Ex-cop avoids charges in killing of 23yo Milwaukee man

Ex-cop avoids charges in killing of 23yo Milwaukee man
A jury in Milwaukee has acquitted former officer Dominique Heaggan-Brown of a reckless homicide charge over the fatal shooting of Sylville Smith last August. The killing sparked two days of protests on the city’s north side.

The jury, which had been in sequestration since June 13, debated for over nine hours before reaching a not-guilty verdict Wednesday.

In August 2016, Smith was shot to death by then-officer Heaggan-Brown during a foot chase in Milwaukee, Wisconsin. Heaggan-Brown was charged in December with first-degree reckless homicide.

He was later arrested on unrelated sexual assault charges after meeting a man in a bar on the night of the protests following the Smith’s killing. He was officially let go by the Milwaukee police department on October 31, 2016, according to WITI.

The events unfolded on August 13 at 3:30pm when Heaggan-Brown and his partner at the time, Ndiva Malafa, pulled over Smith and another man under suspicion of drug activity. Smith reportedly ran immediately after the officers exited their vehicle.

Smith headed for a yard that had a chain link fence and hurled his gun over just as Heaggan-Brown fired his gun at Smith.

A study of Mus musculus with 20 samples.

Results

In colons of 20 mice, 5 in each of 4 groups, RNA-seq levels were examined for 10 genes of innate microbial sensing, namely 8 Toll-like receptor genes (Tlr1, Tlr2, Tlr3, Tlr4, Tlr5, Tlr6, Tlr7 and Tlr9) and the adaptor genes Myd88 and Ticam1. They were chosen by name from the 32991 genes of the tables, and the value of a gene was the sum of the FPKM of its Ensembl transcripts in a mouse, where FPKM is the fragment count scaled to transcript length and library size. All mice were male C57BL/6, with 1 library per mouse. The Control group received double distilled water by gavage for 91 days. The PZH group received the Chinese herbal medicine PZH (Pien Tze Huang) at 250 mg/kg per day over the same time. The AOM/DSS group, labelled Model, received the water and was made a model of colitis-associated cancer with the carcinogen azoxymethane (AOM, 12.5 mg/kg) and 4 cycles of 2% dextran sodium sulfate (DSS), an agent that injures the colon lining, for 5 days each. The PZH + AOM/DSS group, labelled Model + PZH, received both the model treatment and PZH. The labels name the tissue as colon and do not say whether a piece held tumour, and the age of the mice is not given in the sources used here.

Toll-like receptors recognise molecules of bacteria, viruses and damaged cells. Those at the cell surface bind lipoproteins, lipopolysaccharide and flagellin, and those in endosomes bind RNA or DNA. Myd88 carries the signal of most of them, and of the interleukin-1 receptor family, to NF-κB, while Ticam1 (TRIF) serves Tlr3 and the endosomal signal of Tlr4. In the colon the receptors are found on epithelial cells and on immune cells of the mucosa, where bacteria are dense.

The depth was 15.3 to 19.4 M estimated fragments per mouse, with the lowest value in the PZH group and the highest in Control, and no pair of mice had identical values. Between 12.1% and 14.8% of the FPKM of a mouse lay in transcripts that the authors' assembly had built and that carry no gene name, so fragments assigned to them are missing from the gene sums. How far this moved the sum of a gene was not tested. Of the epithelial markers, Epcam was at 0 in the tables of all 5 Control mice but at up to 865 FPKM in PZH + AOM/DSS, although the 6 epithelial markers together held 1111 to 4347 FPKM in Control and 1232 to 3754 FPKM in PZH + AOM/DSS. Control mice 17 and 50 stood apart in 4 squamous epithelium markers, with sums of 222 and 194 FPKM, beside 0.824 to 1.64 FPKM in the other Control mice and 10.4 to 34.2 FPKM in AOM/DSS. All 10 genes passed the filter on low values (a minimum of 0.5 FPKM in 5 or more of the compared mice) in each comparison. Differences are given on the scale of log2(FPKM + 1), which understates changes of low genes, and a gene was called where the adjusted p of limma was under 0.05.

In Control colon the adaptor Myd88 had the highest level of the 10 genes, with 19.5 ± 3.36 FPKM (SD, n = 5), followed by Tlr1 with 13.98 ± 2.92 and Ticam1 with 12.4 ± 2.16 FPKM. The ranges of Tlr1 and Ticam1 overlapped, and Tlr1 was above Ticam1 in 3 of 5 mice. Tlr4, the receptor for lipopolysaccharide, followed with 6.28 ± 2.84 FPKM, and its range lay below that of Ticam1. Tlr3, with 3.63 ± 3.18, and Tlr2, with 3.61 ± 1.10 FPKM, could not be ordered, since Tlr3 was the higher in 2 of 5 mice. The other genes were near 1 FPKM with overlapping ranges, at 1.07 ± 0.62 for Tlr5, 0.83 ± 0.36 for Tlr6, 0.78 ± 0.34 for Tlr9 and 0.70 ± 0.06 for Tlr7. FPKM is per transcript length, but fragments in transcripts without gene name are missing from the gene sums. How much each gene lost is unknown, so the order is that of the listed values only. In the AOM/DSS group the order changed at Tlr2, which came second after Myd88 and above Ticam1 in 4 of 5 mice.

Heaggan-Brown’s first shot struck Smith’s arm, grounding him. The officer then fired a second shot through Smith’s chest as he lie on the ground. The shot pierced Smith’s lung and heart. The way the bullet hit Smith was described by doctors as “not survivable.”

During the case, one prosecutor argued that Smith was shot by Heaggan-Brown after he tried to surrender. He believes the second shot was unreasonable.

“Mr. Heaggan-Brown knew at the time that he fired that second shot that Sylville Smith had attempted to disarm himself,” said Milwaukee County District Attorney, John Chisolm, according to WISN.

Heaggan-Brown’s attorney said that his client was simply protecting himself and his partner at the time.

The protests against Heaggan-Brown played out mostly on the north side in the Sherman neighborhood of Milwaukee.